Nutshell: Inappropriate, raunchy, with dialogue that’s borderline NSFW? Yes please. Gorgeous art, an addictive story, great dialogue and lovely letters. Leaves you wanting more, which is the highest compliment I can give a series. If this is the new face of fantasy comics, I’m all in. Grade: A
Story: Four badass fighters for hire have to clear the forest of goblins. Think D&D, but with way more cursing and booze. And I don’t know about you, but my D&D days were filled with cursing and booze. Filled.
“Did you seriously pack candy and drugs for dinner?”
“What’s with men and tentacles? Sick of this shit.”
“You put an arrow in my favorite boob, fuckwit!”
Thoughts: I used to play D&D. Didn’t we all? *crickets* Anyway, if I were to play nowadays, this is how I’d want to play it; a gang of whipsmart gals who are into sex, drugs and violence, and give zero fucks if you’re down with that or not. This is the D&D you wish you could play, with characters that’ll launch a thousand cosplays come Comic-Con. Rat Queens are what Xena, Warrior Princess would be if she had a gang of galpals, no edit button, and a predilection for illicit substances. Yeah, definitely awesome.
Our merry “Adventuring Company” consists of:
- Dee: cleric, former acolyte of squid god N’rygoth.
- Hannah: elven mage with parental issues.
- Betty: a Smidgen that loves excesss (think Dionysius but blond, female and dinky.)
- Violet: dwarf with a drinking problem…she won’t drink Dwarven Ale. On principle.
Plus, there’s Braga, a half-orc badass that isn’t with the Queens, but is awesome just the same. (She even got her own one-shot this month. Nice.)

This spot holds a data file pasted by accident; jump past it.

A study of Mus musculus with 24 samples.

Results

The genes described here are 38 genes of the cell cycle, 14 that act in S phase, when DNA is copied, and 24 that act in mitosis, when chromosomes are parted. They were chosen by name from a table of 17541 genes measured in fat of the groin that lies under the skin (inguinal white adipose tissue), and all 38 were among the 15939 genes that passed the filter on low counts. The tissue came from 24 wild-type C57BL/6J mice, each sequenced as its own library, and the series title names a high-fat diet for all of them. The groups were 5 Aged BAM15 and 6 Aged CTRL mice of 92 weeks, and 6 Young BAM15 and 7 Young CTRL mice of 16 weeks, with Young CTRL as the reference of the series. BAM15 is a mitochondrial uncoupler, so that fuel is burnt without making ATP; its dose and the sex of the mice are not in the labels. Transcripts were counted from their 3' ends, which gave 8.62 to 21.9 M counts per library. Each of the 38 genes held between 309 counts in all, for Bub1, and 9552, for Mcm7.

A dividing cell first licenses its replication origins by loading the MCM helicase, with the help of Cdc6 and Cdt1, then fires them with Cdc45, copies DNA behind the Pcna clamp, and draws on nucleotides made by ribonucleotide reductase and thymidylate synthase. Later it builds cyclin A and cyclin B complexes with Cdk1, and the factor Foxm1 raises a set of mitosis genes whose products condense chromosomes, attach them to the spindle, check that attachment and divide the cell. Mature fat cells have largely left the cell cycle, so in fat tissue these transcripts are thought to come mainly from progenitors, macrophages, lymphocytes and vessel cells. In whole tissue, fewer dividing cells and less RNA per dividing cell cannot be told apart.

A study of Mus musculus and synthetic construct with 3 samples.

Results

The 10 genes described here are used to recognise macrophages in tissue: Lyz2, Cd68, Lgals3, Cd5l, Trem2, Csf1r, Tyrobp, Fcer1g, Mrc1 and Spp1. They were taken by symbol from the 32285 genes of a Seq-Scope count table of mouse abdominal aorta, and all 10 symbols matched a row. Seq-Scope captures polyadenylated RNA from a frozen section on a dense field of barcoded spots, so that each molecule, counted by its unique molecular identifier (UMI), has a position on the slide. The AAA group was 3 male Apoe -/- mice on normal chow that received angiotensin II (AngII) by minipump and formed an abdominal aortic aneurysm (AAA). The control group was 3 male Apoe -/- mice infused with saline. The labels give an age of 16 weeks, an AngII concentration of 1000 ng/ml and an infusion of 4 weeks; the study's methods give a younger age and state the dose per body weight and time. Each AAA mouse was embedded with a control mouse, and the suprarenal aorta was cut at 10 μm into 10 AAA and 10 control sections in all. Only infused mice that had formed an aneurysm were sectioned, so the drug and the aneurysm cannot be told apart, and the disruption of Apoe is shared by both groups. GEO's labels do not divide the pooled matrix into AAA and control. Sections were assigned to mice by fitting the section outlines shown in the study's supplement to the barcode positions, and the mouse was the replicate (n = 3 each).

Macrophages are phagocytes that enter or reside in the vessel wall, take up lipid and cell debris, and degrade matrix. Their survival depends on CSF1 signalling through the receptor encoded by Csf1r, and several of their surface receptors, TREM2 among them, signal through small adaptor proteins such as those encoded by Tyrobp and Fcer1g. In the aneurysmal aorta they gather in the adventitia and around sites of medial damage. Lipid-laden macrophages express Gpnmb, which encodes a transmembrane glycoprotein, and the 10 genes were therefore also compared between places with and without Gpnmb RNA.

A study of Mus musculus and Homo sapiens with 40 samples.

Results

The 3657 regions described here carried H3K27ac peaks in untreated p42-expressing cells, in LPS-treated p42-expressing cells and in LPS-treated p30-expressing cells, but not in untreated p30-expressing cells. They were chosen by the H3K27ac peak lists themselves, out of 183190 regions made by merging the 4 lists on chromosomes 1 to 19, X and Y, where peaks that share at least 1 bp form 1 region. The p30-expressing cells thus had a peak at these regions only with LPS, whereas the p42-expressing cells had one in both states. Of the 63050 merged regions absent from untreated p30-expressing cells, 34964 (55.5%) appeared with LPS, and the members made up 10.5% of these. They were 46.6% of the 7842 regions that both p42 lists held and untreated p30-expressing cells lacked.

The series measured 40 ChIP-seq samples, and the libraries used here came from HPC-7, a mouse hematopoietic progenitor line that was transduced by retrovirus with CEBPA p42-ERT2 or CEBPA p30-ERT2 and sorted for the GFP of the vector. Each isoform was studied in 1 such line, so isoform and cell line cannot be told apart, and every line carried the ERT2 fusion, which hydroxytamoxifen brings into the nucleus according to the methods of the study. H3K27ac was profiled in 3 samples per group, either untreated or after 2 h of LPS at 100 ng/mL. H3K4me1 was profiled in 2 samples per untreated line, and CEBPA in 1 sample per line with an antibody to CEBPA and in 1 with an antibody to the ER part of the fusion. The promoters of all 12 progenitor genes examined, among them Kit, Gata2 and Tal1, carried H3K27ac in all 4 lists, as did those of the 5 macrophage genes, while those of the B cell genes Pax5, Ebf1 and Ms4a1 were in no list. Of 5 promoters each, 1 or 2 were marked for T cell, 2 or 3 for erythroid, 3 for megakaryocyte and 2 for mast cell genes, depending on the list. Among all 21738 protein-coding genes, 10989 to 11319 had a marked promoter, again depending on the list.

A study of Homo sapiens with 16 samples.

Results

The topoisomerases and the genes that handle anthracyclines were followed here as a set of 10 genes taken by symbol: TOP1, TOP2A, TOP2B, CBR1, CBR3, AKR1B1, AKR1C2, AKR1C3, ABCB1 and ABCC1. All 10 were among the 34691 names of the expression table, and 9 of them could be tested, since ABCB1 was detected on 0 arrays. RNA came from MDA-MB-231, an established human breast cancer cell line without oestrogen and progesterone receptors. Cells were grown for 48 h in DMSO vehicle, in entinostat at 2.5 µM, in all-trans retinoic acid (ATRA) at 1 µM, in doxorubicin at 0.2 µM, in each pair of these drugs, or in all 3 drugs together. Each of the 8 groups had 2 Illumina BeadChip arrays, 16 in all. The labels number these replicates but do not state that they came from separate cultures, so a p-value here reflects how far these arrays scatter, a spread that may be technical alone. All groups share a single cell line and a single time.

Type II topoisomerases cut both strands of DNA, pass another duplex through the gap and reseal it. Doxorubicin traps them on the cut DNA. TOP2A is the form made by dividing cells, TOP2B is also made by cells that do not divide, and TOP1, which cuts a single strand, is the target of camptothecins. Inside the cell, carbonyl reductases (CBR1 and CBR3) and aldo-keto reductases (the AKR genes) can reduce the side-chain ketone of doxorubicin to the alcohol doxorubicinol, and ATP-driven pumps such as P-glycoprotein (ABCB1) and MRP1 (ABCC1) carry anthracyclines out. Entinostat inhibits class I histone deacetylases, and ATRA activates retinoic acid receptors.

I can see why this series was nominated for a Best New Series Eisner last year. It’s damn good. I’m already partial to Dee, naturally. But for more than her name. Her bio? “My parents worship a giant flying squid. Holidays get weird.” Okay girl. You’re my BFF.
Roc Upchurch’s artwork is top-notch. Beautiful colors too, and some high-class gore for when the sheisse hits the sword. (Pity he doesn’t have the best Real Life reputation. Eek.) Hopefully Stjepan Šejić will keep the quality up, as he takes over with #9. Then there’s Ed Brisson’s lettering — important in stories like this that deal with spells, foreign languages and ker-splats — is fun to read, pretty to look at, and easy to follow.
But the best part is Kurtis J. Weibe’s storytelling. There’s a definite Campaign vibe to Sass & Sorcery, down to the plus/minus shout-outs at the end of each issue. I found myself wanting to stop, grab some friends, and demand that they read what I just read. Probably best I’m sitting by my lonesome right now. That’d probably get damn annoying after awhile. They’d thank me later.
Subscribe or Shelve: You want to get your grubbies on this series. Trust me. It might be too late to get on the “liked it before everyone else” train, but you’re not gonna want to miss this ride.
Publication 411: Contains the first 5 issues of the series. Hit shelves 4/8/2014.
[NOTE: I received a copy of this title pre-publication via Netgalley. I received no compensation for my review. Not even a tiny little bag of candy and ‘shrooms.]